Rain in Washington DC — How to Photograph National Monuments Like A Pro
This post should have been called “Freezing Rain in Washington, DC“. You see, it was cold in the District (about 29 degrees). A great friend and excellent photographer (Anthony Franklin from Anthony Franklin Photography) was visiting from Chicago, and he wanted to experience Washington, DC. Being from Chicago, 29 degrees is like a dancing in a sauna to the guy.
The good news is that it was cold enough to keep most people away from ruining my field of view around the monuments I was trying to photograph. Although I too am a tourist, when doing travel photography, I like to “pretend” that the whole area has been evacuated so that I can get one-on-one time with my inanimate objects. To achieve exclusivity, here’s Tip #1:
- Tip 1: Venture out at a time in which most rational humans are either sleep or hiding from the elements.
Now that you have carte blanche to photograph your subject, don’t waste the opportunity by standing 500 feet from your target and just going click, click, click, click, click…
Remember, you’re supposed to be a photographer so:
- Tip 2: Remember the fundamentals of photography
- Take heed to the rule of thirds.
- Don’t be a slave to Auto White Balance. In the daytime, use the Sunny Day White Balance. Indoors with standard light bulbs, use Incandescent. Note: When shooting at night, a Fluorescent White Balance works well.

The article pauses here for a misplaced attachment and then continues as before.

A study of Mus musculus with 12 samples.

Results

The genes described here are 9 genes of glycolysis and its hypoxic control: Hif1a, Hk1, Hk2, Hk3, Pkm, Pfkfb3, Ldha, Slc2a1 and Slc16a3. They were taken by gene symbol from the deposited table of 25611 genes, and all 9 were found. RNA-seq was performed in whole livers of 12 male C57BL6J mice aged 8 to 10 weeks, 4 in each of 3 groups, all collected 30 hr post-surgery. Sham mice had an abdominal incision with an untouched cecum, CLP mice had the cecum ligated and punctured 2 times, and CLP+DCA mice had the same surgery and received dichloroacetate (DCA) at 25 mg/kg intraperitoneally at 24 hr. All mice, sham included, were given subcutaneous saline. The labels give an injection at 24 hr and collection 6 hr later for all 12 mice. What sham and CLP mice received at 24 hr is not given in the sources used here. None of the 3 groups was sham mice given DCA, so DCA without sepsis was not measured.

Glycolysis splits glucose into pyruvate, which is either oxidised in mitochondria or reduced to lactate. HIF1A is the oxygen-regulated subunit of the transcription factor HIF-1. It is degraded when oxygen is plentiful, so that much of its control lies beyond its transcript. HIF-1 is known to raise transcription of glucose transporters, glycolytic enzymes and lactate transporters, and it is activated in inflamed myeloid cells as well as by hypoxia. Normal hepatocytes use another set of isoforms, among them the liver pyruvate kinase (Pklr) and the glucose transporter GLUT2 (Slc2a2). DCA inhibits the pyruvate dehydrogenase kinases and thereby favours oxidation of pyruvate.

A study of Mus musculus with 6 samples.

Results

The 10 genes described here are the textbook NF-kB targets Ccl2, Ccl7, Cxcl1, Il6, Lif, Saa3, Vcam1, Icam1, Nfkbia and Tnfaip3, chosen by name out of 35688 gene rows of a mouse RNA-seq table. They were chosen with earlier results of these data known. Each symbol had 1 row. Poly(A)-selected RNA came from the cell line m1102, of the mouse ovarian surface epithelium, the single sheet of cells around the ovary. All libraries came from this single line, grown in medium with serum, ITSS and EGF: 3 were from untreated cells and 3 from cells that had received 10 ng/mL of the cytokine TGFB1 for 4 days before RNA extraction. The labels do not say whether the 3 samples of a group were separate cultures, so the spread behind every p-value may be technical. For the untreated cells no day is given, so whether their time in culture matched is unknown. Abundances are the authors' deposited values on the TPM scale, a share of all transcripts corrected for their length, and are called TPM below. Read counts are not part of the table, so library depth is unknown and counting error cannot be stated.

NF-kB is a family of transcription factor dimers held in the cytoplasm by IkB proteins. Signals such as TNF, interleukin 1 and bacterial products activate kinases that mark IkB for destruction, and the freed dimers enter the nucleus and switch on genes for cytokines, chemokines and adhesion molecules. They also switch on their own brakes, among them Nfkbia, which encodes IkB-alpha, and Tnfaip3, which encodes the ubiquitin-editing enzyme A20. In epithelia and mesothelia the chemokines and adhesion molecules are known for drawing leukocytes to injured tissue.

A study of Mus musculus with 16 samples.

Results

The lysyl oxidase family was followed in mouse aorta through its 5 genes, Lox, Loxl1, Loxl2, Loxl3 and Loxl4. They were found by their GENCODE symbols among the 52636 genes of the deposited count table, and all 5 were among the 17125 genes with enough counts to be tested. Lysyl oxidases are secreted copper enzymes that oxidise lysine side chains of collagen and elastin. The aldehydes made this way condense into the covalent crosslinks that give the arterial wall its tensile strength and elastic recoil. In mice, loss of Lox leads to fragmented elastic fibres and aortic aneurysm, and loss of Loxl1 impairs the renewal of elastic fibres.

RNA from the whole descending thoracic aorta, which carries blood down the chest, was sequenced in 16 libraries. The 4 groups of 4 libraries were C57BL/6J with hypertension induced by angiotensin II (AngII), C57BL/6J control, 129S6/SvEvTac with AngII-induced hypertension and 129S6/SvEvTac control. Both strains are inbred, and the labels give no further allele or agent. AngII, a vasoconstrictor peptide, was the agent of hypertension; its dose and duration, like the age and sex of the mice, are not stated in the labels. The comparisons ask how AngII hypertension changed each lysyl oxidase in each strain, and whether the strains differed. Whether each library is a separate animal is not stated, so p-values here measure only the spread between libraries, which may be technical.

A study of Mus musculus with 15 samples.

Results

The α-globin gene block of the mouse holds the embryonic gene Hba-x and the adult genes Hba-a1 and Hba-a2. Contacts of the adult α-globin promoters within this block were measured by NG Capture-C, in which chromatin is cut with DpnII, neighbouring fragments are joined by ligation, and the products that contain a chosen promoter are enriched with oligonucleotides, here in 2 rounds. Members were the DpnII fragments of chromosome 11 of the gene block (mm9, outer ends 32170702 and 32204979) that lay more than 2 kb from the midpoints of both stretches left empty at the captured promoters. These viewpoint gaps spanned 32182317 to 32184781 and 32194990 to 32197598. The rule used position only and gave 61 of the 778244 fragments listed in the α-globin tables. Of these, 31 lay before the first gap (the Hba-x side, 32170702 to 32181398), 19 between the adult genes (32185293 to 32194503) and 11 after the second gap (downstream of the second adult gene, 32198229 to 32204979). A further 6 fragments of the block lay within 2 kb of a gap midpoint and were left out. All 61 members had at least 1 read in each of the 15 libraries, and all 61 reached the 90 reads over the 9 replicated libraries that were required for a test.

- Tripods are nice, but if you don’t have one, at least make an effort to hold your camera steady.
- Tuck your elbows tight to your sides.
- When depressing the shutter, use the “fat of your finger” vs. the tip of the finger. Minimizes camera shake associate with “trigger pull”.
- Before depressing the shutter, take a deep breath in, take a breath out, and before breathing back in, press the shutter.
- Tip 3: See the world differently than other mortals.
I’ve spent decades seeing the world as a 5’10” person. Let me see from the vantage point of a squirrel [that’s code for “bend your knees”] or maybe someone much taller [that’s code for “shoot from a hill”]. Zoom-in to show details to breath life into even the most overly-photographed monuments.
Tip 4: See Eye to Eye with Statues
Tip 5: Be Creative
Without going crazy, break some of the rules. Experiment with colors and creative cropping. Be responsible, however, and shy away from over-the-top Photoshop plugins. In my opinion, I want to respect the work of the sculptures and architects that have created these great works of art for us all to enjoy.